8 – Military Might
The Western Roman Empire’s army was once feared throughout the known world but its influence and quality waned in the latter part of its existence. One of its biggest failures at this time was neglecting to introduce conscription. Instead, the army became dependent on regimentation with a compulsion to remain in the profession of one’s father. By the fifth century, the practice of forcing the sons of soldiers to follow suit was obligatory. Alas, this resulted in a severe decline in the quantity and quality of the troops. These were not battle-hardened men or talented commanders. They were men thrust into positions they didn’t want, and the results became clear on the battlefield.
This scarcity of soldiers meant a reliance on barbarian mercenaries. It would have been problematic had these troops merely been of a lower rank, but in the fifth century, a significant number of generals were German; a situation that only exacerbated the problem. These soldiers had questionable loyalty, and they ultimately had far too great an influence on who became emperor. German Masters of Soldiers, such as Ricimer and Orestes, chose who ruled, so every emperor after Valentinian III was a âlame duck.’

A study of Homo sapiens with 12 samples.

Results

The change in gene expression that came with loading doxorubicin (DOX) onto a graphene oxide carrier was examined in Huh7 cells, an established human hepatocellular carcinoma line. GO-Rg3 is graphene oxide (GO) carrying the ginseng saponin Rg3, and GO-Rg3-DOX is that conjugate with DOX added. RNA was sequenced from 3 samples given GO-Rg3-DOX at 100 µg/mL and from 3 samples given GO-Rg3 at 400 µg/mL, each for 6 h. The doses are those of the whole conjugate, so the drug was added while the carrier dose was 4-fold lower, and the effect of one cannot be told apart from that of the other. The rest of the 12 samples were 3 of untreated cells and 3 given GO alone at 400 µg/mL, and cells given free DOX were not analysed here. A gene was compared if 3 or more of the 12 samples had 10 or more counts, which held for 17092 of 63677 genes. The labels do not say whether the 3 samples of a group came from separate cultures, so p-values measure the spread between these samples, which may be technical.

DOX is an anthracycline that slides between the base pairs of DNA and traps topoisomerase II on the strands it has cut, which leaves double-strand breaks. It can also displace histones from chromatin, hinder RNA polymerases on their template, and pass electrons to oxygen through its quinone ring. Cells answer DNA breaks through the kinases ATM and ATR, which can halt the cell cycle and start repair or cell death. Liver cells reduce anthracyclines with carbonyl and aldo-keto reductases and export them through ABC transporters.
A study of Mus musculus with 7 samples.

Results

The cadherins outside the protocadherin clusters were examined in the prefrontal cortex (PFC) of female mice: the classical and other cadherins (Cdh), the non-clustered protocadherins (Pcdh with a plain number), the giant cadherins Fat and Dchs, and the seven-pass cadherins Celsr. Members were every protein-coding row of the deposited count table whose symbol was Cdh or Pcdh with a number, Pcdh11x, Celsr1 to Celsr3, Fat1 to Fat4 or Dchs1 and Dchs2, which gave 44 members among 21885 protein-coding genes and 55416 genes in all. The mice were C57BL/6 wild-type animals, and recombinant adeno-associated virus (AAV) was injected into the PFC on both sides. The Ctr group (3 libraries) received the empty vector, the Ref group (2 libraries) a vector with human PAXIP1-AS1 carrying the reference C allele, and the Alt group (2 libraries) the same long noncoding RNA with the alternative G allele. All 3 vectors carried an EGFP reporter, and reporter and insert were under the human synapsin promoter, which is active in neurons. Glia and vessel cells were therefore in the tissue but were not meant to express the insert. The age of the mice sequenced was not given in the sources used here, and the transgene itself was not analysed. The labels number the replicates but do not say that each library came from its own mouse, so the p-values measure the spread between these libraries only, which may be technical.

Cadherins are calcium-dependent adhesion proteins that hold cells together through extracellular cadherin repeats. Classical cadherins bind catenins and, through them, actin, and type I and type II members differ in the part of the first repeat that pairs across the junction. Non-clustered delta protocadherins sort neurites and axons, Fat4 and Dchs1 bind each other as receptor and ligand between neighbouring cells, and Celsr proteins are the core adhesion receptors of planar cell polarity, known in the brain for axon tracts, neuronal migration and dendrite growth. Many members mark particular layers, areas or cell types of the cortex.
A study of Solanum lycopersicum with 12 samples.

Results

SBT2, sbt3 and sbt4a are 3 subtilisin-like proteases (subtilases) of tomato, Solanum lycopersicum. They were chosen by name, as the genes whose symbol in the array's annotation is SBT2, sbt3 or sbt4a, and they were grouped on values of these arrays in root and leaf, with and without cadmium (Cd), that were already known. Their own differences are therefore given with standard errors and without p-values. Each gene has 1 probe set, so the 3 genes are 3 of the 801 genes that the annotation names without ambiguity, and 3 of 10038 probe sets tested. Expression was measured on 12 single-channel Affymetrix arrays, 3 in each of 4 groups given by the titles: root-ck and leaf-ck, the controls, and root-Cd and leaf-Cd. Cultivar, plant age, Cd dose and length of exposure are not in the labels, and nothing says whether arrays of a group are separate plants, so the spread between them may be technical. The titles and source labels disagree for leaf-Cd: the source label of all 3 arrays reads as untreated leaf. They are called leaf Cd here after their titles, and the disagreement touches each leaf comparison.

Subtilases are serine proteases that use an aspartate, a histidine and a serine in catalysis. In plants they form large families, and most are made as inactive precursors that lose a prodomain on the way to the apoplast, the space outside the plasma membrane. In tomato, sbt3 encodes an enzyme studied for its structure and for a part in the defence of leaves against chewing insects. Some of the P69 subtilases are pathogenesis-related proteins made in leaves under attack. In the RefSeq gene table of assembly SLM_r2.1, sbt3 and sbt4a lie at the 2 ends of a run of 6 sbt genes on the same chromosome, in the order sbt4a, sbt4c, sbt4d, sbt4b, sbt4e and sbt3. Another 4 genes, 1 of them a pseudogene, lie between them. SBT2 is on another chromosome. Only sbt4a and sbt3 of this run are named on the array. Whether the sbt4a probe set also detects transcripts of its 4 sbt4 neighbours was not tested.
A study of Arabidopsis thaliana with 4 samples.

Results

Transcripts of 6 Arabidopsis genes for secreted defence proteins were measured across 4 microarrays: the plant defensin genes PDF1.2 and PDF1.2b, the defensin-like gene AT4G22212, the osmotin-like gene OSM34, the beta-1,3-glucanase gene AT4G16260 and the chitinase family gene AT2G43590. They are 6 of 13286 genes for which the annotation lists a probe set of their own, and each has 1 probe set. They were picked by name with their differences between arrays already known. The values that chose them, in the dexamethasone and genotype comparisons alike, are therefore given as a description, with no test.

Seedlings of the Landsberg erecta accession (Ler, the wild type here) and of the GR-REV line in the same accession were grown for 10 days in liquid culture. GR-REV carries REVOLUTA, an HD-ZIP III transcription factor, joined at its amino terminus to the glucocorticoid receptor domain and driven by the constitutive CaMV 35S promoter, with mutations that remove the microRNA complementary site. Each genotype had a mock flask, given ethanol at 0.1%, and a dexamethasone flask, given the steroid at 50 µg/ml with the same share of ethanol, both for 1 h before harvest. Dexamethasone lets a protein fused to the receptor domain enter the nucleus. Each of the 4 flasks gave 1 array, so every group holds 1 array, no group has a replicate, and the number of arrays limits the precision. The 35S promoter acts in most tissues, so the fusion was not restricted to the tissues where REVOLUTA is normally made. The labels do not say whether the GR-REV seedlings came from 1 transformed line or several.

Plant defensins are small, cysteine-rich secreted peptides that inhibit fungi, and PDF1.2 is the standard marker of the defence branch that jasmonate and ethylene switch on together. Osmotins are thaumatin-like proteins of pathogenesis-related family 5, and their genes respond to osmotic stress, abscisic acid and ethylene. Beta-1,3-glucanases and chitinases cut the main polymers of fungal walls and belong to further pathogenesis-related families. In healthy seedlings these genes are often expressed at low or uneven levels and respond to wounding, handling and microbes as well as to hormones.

With so many enemies, the Western Empire had no chance of survival as it had such a dearth of quality within its ranks. The writing was on the wall by the beginning of the fifth century when Stilicho was unable to prevent the Suevi, Alans, and Vandals, from crossing the Rhine. These tribes destroyed and depopulated several cities and caused a number of the Western Empire’s subjects to switch sides. Those who immediately succeeded Alaric were happy to share in the relative prosperity of the empire but by 425, the northern frontier was weak, and there were five Germanic kingdoms in the Western Empire. Add in an increasingly Gothic army, and it was clear that the West was doomed.
Meanwhile, in the East, the empire was strong enough to withstand attacks from Huns and other groups. Payoffs were a big part of its tactics, but it also had a far stronger army than the West. While the likes of Honorius and Valentinian III did nothing to prevent the Goths from taking over the army, Leo I of the East quickly replaced his German troops because he doubted their loyalty. He brought Isaurians into the fold in return for making them subjects of the empire. Zeno went a step further by creating an army of native troops. The Eastern Empire survived several wars toward the end of the fifth and beginning of the sixth centuries and began to flourish under Justinian.